Keep cautious optimism on plant’s future
Without a doubt, we all would have rather heard news this week that General Motors is reallocating a vehicle to the Lordstown plant and that it would be operating again soon.
That, of course, was not the case, and instead it became abundantly clear that GM is not contemplating reopening the massive 6.2-million-square-foot facility.
In a telephone conversation with President Donald Trump, GM CEO Mary Barra reported this week that the automaker instead is in serious talks to sell the facility to Workhorse, a Cincinnati-based electric vehicle startup company that would manufacture electric pickup trucks or vans here.
The news of a pending sale received mixed emotions.
While Trump sent gleeful tweets about the impending deal, the news was greeted gloomily by United Auto Workers leaders who have not given up hope that GM would reopen the factory that stopped producing the Chevrolet Cruze compact car in March.
“I guess that means they’re done in Lordstown,” said Tim O’Hara, vice president of the United Auto Workers Local 1112. “Anybody that wants to continue working for them is going to have to transfer out.”
UAW Vice President Terry Dittes responded with a short and direct statement.
“The UAW’s position is unequivocal: General Motors should assign a product to the Lordstown facility and continue operating it. …”
The union, which is embroiled in a federal lawsuit challenging the idling of plants in Lordstown, Baltimore and Warren, Mich., as violations of the existing labor contract, had little choice in taking this stand.
Other elected leaders, however, are approaching the potential sale cautiously, and that is the approach we all should be taking.
Ohio Gov. Mike DeWine, perhaps said it best.
“As far as Lordstown, this is probably not yet the day to celebrate,” DeWine said. “This is a day where we’re maybe moving forward. We’re certainly not going to sit around and not try to make things happen.”
It’s simply too early to pass judgment on the factory’s potential sale to this little-known company, and it’s important that no one dismiss the opportunities that might come with it just yet.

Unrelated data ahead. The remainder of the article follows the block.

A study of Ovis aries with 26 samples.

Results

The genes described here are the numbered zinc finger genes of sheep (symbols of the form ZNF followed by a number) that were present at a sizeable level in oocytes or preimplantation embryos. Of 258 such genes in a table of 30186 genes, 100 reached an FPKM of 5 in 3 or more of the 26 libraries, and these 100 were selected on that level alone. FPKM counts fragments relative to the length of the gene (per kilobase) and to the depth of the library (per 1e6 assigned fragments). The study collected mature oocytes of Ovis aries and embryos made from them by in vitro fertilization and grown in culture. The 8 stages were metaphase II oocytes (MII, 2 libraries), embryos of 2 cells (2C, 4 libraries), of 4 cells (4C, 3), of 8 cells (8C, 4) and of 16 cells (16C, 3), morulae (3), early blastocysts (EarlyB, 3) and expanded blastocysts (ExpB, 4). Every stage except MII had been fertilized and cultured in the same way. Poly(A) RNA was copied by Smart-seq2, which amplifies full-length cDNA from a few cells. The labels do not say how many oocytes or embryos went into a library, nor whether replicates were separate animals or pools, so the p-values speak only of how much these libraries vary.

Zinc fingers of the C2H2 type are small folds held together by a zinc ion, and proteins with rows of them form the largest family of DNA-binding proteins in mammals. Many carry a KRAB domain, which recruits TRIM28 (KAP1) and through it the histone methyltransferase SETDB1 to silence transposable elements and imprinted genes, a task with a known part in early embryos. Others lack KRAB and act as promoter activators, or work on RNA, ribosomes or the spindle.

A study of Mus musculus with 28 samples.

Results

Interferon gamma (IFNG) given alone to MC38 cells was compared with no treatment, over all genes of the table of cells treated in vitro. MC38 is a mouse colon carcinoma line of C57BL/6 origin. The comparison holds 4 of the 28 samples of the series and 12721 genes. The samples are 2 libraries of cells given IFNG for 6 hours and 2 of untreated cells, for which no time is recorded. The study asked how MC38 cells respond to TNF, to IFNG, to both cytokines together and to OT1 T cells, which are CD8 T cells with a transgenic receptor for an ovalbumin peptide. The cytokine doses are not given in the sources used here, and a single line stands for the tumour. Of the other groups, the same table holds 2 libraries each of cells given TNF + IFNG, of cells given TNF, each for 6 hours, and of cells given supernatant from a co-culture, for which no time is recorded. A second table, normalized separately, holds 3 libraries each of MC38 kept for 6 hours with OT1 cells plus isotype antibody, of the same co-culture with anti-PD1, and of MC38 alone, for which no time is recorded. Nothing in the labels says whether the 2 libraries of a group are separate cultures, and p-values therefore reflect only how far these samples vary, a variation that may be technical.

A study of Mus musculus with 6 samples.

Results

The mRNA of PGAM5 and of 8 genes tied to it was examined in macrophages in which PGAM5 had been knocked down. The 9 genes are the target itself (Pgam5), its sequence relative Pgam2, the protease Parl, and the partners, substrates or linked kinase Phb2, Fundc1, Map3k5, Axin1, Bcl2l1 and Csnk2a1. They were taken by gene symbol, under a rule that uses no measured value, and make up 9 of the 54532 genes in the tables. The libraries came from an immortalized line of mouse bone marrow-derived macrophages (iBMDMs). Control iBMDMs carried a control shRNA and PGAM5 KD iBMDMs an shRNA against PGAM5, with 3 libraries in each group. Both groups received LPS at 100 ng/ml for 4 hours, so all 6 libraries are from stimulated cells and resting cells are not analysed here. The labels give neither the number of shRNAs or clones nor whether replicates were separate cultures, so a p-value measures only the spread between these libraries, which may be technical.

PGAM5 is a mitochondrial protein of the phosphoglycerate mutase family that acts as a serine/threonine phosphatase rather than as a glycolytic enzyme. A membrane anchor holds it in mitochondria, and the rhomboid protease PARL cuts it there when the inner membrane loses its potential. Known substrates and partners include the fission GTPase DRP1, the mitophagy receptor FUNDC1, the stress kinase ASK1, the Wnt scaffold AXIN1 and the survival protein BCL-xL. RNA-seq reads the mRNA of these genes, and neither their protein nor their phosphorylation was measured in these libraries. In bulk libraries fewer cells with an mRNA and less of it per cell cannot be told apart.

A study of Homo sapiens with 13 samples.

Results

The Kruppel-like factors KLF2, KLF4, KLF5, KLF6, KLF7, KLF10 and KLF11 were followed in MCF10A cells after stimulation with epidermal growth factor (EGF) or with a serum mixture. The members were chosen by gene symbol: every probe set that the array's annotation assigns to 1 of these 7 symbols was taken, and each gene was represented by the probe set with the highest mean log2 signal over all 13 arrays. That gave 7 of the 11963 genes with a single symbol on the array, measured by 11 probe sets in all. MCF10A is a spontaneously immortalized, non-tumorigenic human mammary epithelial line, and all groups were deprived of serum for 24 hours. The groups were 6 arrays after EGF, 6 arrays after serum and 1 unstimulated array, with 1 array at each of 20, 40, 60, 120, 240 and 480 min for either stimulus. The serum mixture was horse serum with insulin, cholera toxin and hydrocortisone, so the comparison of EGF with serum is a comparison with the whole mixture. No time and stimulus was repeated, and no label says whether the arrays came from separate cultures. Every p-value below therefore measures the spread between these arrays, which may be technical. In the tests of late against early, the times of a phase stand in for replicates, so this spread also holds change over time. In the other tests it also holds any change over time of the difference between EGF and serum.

It was only about six months ago, shortly after we received the devastating news of the plant’s impending idling, that we used this space to promote the importance of a positive attitude, urging GM, if it was not going to use the plant, to market it swiftly to someone who would.
Of course, no one wants to give up on GM’s local future yet, we said then, but given the current situation, we have little choice but to start plotting the very real possibility of a future without GM.
Either way, the location and amenities make the Lordstown plant very marketable.
The facility, centrally located between Chicago and New York, has easy access to the Ohio Turnpike and several other major interstates, as well as rail service. The sprawling facility has operated for years as a complete auto-making facility, including a metal stamping plant, a paint shop and an assembly plant.
And it comes with a ready-made workforce and nearby supplier support.
Perhaps it’s those benefits that are making the plant so appealing to this potential buyer.
Many questions exist today about Workhorse and its spinoff company that apparently are in the running for a massive contract to build $6.5 billion worth of new electric vehicles for the U.S. Postal Service.
Yes, it will be a monumental disappointment if we learn the Lordstown plant is no longer part of GM’s large scale plan, but it’s not the first time we have faced economic and manufacturing adversity.
Lordstown’s plant had about 1,400 hourly workers on one shift at the time the plant stopped production. But hundreds of others already had been laid off earlier when GM cut two shifts.
Today, only a skeleton crew remains on duty at the plant scrapping old parts.
No matter what happens with General Motors, we should remain cautiously optimistic about the possibility of electric vehicle manufacturing in Lordstown. But if that doesn’t work out, we also must not lose sight of those many very desirable offerings that exist here, making the property highly desirable to other manufacturers.